Swift takes Hurricane back to the top


JONESBORO — Coach Wes Swift recalled a preseason conversation with senior guards Keyln McBride and Ryan Rouse when asked about the Jonesboro Hurricane closing the season with 20 consecutive victories and a Class 5A state championship.

The past two seasons, Swift said he told McBride and Rouse the Hurricane hadn’t finished the way it had in previous seasons, and he put a lot of that on himself. Jonesboro was still a state tournament team in 2019 and 2020, but didn’t quite meet the high standards set during Swift’s tenure with the Hurricane.

“I lost a little bit of my holding kids accountable to the level that I normally hold them. Now our culture never got bad, but it wasn’t the way it was before they got to high school and that was on me, and I don’t even want to go into the reasons why,” Swift said. “Everybody has those valleys and I had a little valley the last two years as a coach. I said, ‘I’ve got to get that swagger back, it’s got to be my vision of toughness, not y’all’s vision of toughness.’

“They said, ‘Coach, we want to do whatever it takes to have a chance to make a run at this thing.’”

The Hurricane’s run concluded in Hot Springs with a 58-56 victory over Maumelle and their fourth state championship in 12 seasons under Swift, the Best Under The Sun Coach of the Year. The Jonesboro coach was also announced Wednesday as the winner of the Outstanding Coach Award in boys’ basketball by the Arkansas High School Coaches Association.

Jonesboro’s last loss in a 24-3 season came in overtime Dec. 29 at eventual Class 6A state champion North Little Rock, which overcame a six-point deficit in the final 30 seconds of regulation and eventually prevailed 87-83.

North Little Rock was also the last team to reach 60 points against the Hurricane. Little Rock Central, the Class 6A state runner-up, was the only other team to score 60 or more against Jonesboro.

“I think our on-ball defense was as good this year, collectively, as probably any team that I’ve had,” Swift said. “We’ve had those lockdown defenders like Marquise Pointer and those type of guys, but collectively we had a lot of guys who could guard the ball, were willing to guard the ball. I think that’s probably what made us as good as what we were.”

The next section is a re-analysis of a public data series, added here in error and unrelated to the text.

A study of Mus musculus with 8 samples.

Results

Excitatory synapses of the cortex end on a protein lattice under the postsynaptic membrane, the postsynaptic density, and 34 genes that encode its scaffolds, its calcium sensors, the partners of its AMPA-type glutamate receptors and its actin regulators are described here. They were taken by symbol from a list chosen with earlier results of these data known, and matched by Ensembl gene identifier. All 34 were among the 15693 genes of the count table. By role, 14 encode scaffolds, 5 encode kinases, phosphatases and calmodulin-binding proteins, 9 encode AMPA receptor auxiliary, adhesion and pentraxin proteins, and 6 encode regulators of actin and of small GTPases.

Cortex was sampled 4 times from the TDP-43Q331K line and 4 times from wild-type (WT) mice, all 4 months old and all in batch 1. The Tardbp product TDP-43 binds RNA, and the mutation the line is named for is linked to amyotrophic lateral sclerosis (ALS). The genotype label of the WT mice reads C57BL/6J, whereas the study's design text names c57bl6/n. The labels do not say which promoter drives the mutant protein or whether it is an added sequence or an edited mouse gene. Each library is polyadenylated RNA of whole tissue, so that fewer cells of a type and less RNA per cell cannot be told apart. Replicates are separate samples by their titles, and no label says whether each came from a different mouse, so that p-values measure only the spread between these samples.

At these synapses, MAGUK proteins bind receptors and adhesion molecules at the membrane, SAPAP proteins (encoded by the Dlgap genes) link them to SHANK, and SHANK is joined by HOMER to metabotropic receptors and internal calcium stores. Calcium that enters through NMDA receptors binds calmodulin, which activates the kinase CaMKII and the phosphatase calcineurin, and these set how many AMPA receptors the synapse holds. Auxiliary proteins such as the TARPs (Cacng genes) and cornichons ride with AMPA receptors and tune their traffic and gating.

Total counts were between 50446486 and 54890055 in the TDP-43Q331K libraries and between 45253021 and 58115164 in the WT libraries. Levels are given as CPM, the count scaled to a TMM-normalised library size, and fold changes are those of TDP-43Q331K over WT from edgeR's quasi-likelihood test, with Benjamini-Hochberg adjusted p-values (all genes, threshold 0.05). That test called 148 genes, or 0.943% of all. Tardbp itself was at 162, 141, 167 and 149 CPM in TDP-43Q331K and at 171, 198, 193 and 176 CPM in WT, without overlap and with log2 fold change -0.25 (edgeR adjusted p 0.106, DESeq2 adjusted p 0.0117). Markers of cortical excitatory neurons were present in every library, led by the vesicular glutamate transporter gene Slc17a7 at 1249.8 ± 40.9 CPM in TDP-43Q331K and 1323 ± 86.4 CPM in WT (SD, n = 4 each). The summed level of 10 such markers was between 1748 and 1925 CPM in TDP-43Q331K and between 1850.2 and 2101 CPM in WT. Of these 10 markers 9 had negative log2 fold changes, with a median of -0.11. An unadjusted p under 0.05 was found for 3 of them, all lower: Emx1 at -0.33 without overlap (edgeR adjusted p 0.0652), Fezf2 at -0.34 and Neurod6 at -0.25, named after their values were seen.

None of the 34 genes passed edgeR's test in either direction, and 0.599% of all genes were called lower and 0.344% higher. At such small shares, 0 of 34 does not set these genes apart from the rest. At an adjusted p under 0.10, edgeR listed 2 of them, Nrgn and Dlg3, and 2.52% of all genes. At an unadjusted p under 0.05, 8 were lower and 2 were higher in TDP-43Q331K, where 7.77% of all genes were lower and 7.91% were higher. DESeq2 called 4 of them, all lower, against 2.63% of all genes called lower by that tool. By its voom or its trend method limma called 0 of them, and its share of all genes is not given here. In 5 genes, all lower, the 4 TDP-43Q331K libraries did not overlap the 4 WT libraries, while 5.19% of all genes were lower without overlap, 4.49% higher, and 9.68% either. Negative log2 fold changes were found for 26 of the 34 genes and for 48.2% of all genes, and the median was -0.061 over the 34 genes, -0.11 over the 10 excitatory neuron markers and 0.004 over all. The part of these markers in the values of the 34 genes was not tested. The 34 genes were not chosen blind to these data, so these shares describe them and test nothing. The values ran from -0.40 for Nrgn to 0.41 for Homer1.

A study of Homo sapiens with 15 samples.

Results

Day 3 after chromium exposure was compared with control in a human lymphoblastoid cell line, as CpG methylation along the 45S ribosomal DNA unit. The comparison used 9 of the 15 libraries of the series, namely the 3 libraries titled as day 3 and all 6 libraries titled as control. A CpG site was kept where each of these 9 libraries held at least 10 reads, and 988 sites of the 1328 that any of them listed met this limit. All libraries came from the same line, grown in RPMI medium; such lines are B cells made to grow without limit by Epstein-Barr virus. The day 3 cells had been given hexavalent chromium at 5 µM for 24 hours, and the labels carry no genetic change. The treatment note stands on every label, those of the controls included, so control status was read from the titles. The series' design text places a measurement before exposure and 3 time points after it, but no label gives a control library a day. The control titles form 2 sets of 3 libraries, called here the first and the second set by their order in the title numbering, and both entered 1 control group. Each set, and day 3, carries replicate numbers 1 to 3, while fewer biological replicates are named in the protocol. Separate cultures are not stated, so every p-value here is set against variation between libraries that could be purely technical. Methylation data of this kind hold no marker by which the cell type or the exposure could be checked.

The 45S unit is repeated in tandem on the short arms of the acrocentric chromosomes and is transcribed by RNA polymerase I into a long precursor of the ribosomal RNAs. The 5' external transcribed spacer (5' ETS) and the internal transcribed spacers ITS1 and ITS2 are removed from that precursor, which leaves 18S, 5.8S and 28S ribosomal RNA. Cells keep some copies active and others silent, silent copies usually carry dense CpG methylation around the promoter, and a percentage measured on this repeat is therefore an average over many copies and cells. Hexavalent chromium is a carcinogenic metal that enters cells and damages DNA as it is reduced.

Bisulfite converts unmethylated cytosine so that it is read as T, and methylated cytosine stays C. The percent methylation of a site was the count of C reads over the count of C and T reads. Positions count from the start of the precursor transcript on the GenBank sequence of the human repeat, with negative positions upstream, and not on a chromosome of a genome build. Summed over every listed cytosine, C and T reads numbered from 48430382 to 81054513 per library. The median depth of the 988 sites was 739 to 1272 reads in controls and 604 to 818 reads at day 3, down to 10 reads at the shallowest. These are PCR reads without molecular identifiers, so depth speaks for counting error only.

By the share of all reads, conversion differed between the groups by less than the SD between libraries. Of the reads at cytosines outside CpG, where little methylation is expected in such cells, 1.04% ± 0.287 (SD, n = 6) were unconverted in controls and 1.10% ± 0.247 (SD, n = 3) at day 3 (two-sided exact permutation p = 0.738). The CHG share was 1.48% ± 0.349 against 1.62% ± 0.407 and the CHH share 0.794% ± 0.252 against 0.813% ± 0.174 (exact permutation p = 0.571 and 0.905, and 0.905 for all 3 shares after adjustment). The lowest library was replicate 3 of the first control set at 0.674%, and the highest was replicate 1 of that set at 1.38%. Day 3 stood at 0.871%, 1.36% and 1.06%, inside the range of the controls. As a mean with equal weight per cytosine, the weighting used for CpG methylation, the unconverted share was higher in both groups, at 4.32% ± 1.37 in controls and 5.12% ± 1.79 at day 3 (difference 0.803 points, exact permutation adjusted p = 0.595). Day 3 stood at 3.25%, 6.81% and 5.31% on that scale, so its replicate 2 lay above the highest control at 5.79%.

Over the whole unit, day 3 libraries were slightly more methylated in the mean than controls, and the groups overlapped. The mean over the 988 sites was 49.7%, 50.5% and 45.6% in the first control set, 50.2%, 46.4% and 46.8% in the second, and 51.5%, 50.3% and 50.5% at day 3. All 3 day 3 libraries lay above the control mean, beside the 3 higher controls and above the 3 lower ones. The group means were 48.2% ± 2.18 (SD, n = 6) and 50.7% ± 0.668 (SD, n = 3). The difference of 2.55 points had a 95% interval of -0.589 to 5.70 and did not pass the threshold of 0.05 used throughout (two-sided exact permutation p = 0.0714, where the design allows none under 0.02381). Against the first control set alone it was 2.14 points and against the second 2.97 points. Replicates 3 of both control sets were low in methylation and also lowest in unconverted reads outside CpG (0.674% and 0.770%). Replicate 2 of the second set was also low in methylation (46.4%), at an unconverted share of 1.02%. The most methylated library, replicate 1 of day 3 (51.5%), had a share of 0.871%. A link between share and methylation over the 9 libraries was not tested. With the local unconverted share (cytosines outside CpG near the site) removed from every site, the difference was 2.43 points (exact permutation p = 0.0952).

Jonesboro gave up only 45 points per game and held opponents under 40 in 12 games.

Marion, the 5A-East runner-up and one of the state’s top teams in its own right, finished with 38 points in its first meeting with Jonesboro. Russellville, the 5A-West champion, mustered only 28 against the Hurricane.

“They just grew on the defensive end, it seemed like, every game and their confidence just got better and better,” Swift said. “I think we played our best game of the year in the (state) semifinals against Little Rock Parkview. Holding them to seven points in a half was just unreal for a team that came in averaging 72 points a game. That’s probably where I’m most proud of this team, just watching them grow defensively.”

McBride and junior guard Jesse Washington led the Hurricane offensively by averaging 16.3 and 12.8 points, respectively. Amarion Wilson, Kavon Pointer and Isaac Harrell averaged from 7.8 to 6.7 points.

Jonesboro has made seven appearances in the state finals under Swift, who has a 279-78 record with the Hurricane. His 26-year record at Gillett, Hughes, Lonoke and Jonesboro is 540-240, and he also coached state championship teams at Hughes (2001) and Lonoke (2008).

This year’s championship run ended with five games against what Swift described as a “who’s who” in 5A basketball. Jonesboro escaped Marion 52-47 in the 5A-East tournament final, scoring the final seven points, and survived Central No. 4 seed Jacksonville 62-57 in double overtime to start the state tournament.

The Hurricane dispatched West No. 2 seed Mountain Home 55-37 in the quarterfinals and routed Central champion Parkview 58-40 in the semifinals. Jonesboro built a 16-point halftime lead in the finals against Central No. 3 seed Maumelle before holding on at the finish.

“That’s a stretch of five games right there where a lot of teams, if you said they had that stretch in the middle of the season, they’d be saying, ‘If we go 2-3, we’re pretty good, we’re OK, and if we’re 3-2, we’ve had a really good run,’” Swift said. “To end it with 5-0 against that competition, that’s what I’ll remember about this team and their level of toughness.”